Maine’s trailblazing clean elections policy is a model for the entire nation.

The 2008 presidential election was one of the most expensive campaigns in American history.

Both candidates advocated change, and many Americans voted not only for change in policies, but change in how business is conducted in Washington D.C. One fundamental way to bring change to our politics in the nation’s capital is to follow the lead of Maine citizens, and enact a system of voluntary public funding for all federal elections.

The clean elections law approved by Maine voters a decade ago for statewide offices has proven effective and is a model for federal efforts currently under consideration. Maine’s representatives in Washington are poised to play a significant role as debate over electoral reform gets under way in Congress next year.

We urge Maine’s congressional delegation to support needed reform to the way our national leaders are elected.

As elected officials, we have been privileged to represent the citizens of our great state in the Maine Legislature, and were elected using the clean elections system. Participation in the clean elections system is high, as more than 80 percent of current state legislators used clean elections to get elected. Clean elections has earned the confidence of Mainers; when Maine voters were asked in a recent poll whether candidates for governor should use clean elections, 82 percent said yes, with 61 percent saying they were more likely to vote for candidates who used it

We strongly support Maine’s clean elections system. We’re able to spend our time talking with constituents, working on their behalf instead of spending our time fund-raising for re-election. In addition, the Maine clean elections system curbs the influence of special interests in the legislative process, ensuring that elected officials will answer to voters, not big donors. We believe that our experience with public funding of elections in Maine pro vides much to recommend to national policymakers.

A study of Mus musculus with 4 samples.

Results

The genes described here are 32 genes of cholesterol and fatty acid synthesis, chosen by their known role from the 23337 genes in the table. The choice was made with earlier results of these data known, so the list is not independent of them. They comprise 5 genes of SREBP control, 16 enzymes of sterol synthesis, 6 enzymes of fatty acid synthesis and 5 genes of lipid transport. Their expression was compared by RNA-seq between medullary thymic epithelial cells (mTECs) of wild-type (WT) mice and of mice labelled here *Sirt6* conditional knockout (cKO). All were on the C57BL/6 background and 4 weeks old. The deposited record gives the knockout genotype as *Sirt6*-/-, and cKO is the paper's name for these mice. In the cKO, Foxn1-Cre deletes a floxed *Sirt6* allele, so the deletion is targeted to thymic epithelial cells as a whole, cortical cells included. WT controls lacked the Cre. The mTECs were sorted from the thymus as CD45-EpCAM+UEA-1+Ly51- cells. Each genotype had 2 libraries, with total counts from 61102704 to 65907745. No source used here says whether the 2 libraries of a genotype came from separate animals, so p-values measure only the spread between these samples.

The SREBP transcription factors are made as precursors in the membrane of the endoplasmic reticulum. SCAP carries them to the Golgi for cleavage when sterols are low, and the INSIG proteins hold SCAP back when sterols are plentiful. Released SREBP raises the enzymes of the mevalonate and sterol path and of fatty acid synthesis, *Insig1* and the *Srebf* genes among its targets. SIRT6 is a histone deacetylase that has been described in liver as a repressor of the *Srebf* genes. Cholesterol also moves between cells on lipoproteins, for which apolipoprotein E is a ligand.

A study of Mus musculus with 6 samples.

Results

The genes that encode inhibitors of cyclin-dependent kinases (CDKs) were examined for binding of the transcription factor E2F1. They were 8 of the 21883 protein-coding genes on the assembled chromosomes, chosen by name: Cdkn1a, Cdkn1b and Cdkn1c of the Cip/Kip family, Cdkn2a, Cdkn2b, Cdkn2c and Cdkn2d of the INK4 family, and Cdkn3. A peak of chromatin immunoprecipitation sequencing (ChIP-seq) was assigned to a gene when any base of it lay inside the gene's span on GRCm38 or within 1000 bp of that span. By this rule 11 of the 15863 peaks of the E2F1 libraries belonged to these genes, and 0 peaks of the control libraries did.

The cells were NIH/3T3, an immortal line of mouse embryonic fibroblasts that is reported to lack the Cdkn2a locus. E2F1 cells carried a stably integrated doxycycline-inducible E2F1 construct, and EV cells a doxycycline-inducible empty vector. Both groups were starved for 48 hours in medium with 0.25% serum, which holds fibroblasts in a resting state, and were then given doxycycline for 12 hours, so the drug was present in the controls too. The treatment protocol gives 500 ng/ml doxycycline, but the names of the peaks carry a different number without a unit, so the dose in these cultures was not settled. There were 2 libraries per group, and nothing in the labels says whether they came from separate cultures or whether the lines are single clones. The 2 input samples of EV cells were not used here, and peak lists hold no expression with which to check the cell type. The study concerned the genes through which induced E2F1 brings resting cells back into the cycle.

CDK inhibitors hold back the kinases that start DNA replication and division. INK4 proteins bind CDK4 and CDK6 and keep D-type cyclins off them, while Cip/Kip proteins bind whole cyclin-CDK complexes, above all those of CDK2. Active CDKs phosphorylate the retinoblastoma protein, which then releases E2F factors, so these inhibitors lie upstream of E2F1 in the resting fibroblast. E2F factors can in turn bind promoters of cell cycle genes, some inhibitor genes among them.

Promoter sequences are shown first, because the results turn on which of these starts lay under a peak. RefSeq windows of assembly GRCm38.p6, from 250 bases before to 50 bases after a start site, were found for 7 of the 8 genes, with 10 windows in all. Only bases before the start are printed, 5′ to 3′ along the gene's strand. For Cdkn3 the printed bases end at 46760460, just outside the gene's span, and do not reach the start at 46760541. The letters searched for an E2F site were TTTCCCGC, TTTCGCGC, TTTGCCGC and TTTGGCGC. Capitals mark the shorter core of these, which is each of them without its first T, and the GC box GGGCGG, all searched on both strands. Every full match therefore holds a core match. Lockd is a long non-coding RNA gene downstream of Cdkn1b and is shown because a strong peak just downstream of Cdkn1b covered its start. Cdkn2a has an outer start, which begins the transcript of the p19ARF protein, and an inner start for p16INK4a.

Mainers now have an opportunity to play a critical role in bringing Maine’s public campaign funding success nationwide. The Fair Elections Now Act put forward by Sen. Dick Durbin, D-Ill., and Arlen Specter, R-Penn., would ensure qualifying candidates could run for office without regard for their ability to raise large amounts of money.

Similar legislation has been introduced in the U.S. House of Representatives by Rep. John Larson, D-Conn., and Walter Jones, R-N.C., to enable our senators and representatives to spend more time doing the work of public service, rather than constantly raising money for the next election cycle.

Best of all, the proposed federal system embodies many of the positive reforms of Maine’s clean elections system. As a result of increasing bipartisan support in Congress and strong support from voters across the nation, the opportunity to reform our election system through the adoption of public funding of federal elections in 2009 is a real prospect.

We need to change how we elect our leaders to reclaim our democracy. We strongly endorse the Fair Elections Now Act. Maine voters should contact their senators and representatives and ask them to support this critical reform of our election process.

Maine has been a national leader on election reform and can lead the way once again.

Sen. Walter Gooley, R-Farmington, represents Maine Senate District 15; Chandler Woodcock of Farmington is a former state senator and was the 2006 Republican candidate for governor. This piece was co-authored by Sen. Christine Savage, R-Union and Rep. James Annis, R-Dover-Foxcroft.